Markets offshore | Benefits of Canadian brand are not promoted, says Conference Board of Canada
TORONTO — It is time to make the public more aware of how important the food sector is in Canada, says a recently released strategy paper from the Conference Board of Canada.
“Every country in the world can make a car, but not everybody can grow food like we can,” said Michael Bloom, vice-president of industry and business strategy at the conference board.
Countries like Canada can meet the growing demand for healthy, wholesome food and still remain profitable and environmentally responsible, he added.
“The capacity to meet this global demand, the potential is here in this country. If we are serious about it, we can certainly do it,” he told the recent Canadian Meat Council annual meeting, where he summarized the recently published Canadian Food Strategy.
The 60-page document outlines a number of goals, and the conference board promises to release regular report cards on Canada’s progress.
The report says there is no real shared national vision for food, even though the sector contributes more than eight percent of Canada’s gross domestic product.
GDP could be increased if Canada resolved to move from being a top 20 net food exporter to one of the world’s top five food exporting powers, he added.
The report also said that Canada’s food safety program is probably among the top five in the world, but it could be number one with collaboration between the food sector and government to build an international brand concept.
The Canadian brand would be based on an image of a clean environment, strong food safety standards and unique products. Government and private companies could promote that pristine concept. They could also work together to promote regional specialization such as Alberta beef or Quebec cheese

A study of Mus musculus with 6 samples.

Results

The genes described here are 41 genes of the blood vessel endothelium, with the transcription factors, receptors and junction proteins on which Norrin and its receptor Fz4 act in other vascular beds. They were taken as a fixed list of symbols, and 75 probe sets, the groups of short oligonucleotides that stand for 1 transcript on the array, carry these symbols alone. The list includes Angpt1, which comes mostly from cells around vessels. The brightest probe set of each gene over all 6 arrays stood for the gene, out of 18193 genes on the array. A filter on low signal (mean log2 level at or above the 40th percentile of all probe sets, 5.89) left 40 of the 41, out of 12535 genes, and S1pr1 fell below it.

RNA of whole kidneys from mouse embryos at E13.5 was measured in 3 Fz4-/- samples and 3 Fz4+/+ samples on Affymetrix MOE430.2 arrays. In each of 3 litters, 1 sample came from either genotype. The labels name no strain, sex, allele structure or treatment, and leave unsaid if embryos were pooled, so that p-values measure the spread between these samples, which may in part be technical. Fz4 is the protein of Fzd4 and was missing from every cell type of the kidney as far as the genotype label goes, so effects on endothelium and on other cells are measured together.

“The Canada brand, we think, has huge potential in international markets,” Bloom said.
Many Canadian food companies tend to focus on the domestic market, when the big opportunities are offshore, where there is a need for premium international brands.
“The typical Canadian company is domestically focused. For them, when they talk about exporting, they mean moving stuff to another province,” he said.
Bloom said more management training is needed to help the food sector grow in the highly profitable international market.
He said food traceability also wins international customers for Canadian products. The ability to trace back food would have to be priced into the product.
Canadians expect their food to be safe but often will not pay more for it.
“They want it safest in the world, cheapest in the world. They want it all,” Bloom said.
“The real cost of food for Canadians in terms of their actual income is about half of what it was in 1960. They have never had it so cheap, but that doesn’t mean they feel satisfied,” he said.
Canada also needs to show that its food production systems follow environmentally sustainable practices. However, producers and processors need a real measure of their environmental footprint and should be rewarded for their efforts.